On one hand, it strives to be an arthouse character drama with all the associated visual trappings. On the other hand, it tries to provide the kind of massive action set pieces and quippy humor fans expect from the Marvel Cinematic Universe. The results are fascinating.

This movie focuses on Sersi (Gemma Chan), an immortal superpowered being who has lived on earth for thousands of years. With her family of fellow Eternals, including the powerful Ikaris (Richard Madden) and war goddess Thena (Angelino Jolie), Sersi has helped guide the development of humans and protect mankind from ravaging creatures known as Deviants.

After supposedly vanquishing their enemies thousands of years ago and living in peace for ages, Sersi and her family are drawn back into a new conflict with the Deviants which, it turns out, is just a symptom of something worse coming. As Sersi tried to lead the Eternals, secrets are revealed, lies are uncovered and betrayals are committed.

“Eternals” is Schrodinger’s MCU Flick. It wants very much to be a typical Marvel film, replete with punch-ups, one-liners and likable characters. At the same time, it strives to be something more, something with deeper characters, more profound theme and less of a typical Hollywood blockbuster rollercoaster structure.

Much of the film’s more artsy leanings are due to the proclivities of director/co-writer Chloe Zhao. Best known for the award-winning “Nomadland,” Zhao filmed “Eternals” utilizing real locations and practical, natural light instead of relying too heavily on bluescreens and computer-generated backgrounds.

As a result, the film looks different than any other Marvel film. It doesn’t always work. Scenes set in an Amazonian rain forest look a bit murky. But for the most part, “Eternals” has a beautifully natural, lived-in look.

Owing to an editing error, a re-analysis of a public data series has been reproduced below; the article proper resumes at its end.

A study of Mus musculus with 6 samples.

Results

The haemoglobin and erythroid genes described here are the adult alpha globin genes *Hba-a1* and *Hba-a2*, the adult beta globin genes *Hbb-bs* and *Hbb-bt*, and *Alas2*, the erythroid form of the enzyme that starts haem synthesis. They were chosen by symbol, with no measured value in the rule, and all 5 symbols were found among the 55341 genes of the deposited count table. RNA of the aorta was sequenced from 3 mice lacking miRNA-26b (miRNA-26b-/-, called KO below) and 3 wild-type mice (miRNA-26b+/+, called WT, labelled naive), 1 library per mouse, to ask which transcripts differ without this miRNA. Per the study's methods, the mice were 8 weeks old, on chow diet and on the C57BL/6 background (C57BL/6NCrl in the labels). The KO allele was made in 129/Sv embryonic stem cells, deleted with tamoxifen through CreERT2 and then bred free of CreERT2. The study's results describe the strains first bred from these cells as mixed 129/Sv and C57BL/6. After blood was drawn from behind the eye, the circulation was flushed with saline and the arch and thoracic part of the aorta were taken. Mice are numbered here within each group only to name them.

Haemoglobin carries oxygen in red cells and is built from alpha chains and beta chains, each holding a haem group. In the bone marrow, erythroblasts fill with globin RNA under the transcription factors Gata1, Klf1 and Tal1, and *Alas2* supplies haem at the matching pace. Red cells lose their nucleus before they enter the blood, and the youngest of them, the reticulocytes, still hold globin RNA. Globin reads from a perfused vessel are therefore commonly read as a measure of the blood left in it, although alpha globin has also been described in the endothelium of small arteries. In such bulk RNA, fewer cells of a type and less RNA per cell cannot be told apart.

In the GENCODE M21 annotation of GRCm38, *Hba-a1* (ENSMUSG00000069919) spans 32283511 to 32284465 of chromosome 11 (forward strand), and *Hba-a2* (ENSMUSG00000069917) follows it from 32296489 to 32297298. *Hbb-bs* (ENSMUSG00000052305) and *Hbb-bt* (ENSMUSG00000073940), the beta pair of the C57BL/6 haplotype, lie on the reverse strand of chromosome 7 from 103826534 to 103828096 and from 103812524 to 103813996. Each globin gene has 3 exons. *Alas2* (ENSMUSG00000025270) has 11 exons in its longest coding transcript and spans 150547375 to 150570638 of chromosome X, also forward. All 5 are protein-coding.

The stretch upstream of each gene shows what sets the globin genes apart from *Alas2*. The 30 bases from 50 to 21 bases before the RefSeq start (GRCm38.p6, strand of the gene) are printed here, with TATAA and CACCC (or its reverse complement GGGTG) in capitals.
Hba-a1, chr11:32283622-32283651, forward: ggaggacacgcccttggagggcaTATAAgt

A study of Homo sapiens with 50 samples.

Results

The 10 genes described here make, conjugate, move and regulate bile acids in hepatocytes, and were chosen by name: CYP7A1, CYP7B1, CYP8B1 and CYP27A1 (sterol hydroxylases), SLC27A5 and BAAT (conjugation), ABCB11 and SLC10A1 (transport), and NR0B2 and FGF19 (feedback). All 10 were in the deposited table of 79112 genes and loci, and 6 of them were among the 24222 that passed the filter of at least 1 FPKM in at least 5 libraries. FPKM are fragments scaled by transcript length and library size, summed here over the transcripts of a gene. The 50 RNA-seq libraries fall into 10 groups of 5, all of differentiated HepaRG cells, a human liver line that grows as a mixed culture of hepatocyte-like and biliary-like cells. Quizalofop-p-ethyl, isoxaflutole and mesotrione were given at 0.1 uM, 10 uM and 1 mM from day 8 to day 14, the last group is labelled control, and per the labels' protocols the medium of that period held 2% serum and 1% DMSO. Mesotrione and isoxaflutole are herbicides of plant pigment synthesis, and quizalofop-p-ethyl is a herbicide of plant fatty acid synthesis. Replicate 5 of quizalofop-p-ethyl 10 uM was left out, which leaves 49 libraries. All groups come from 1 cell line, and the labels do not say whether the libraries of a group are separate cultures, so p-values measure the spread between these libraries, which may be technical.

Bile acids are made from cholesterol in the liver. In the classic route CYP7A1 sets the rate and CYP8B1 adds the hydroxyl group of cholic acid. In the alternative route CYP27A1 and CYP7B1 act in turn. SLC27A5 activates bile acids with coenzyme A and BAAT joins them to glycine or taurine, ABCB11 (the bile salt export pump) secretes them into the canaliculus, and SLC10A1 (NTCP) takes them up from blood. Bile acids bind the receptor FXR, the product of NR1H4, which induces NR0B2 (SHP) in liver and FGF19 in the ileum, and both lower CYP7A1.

The same could be said for the performances. It can be a challenge to pull off dialogue talking about planet-destroying giants and the like, but Zhao’s touch with the actors makes such dialogue sound as natural as possible. The leads all deliver solid performances and Chan ably carries the weight of the movie and serves as its emotional focal point.

Special props go to Jolie, who effortlessly combines the grit and determination of a warrior with the vulnerability of a woman with a fractured mind. Jolie owns every scene she’s in and proves that the best way to portray female heroes is to give them flaws they need to overcome.

Unsurprisingly, arthouse drama and epic comic book action movies aren’t two styles that always play well together. This movie’s weakest moments are when it tries to adhere to what MCU fans expect from a Marvel movie. The humor here really doesn’t work, with most of the broad jokes and quippy dialogue falling flat. The action scenes are competent but not very exciting.

But what’s on display in “Eternals” is a movie we’ve not seen before from Marvel. This is the first MCU movie that feels more like it’s the vision of its director and less the vision of Marvel Studios kingpin Kevin Feige. That’s an exciting development for those who long for Marvel movies to be great cinematic art as well as great fun to watch.

3 ½ Indy Fedoras out of 5

MPAA Rating: PG-13

Thanks to Fat Cats in Rexburg for providing screenings for movie reviews on EastIdahoNews.com.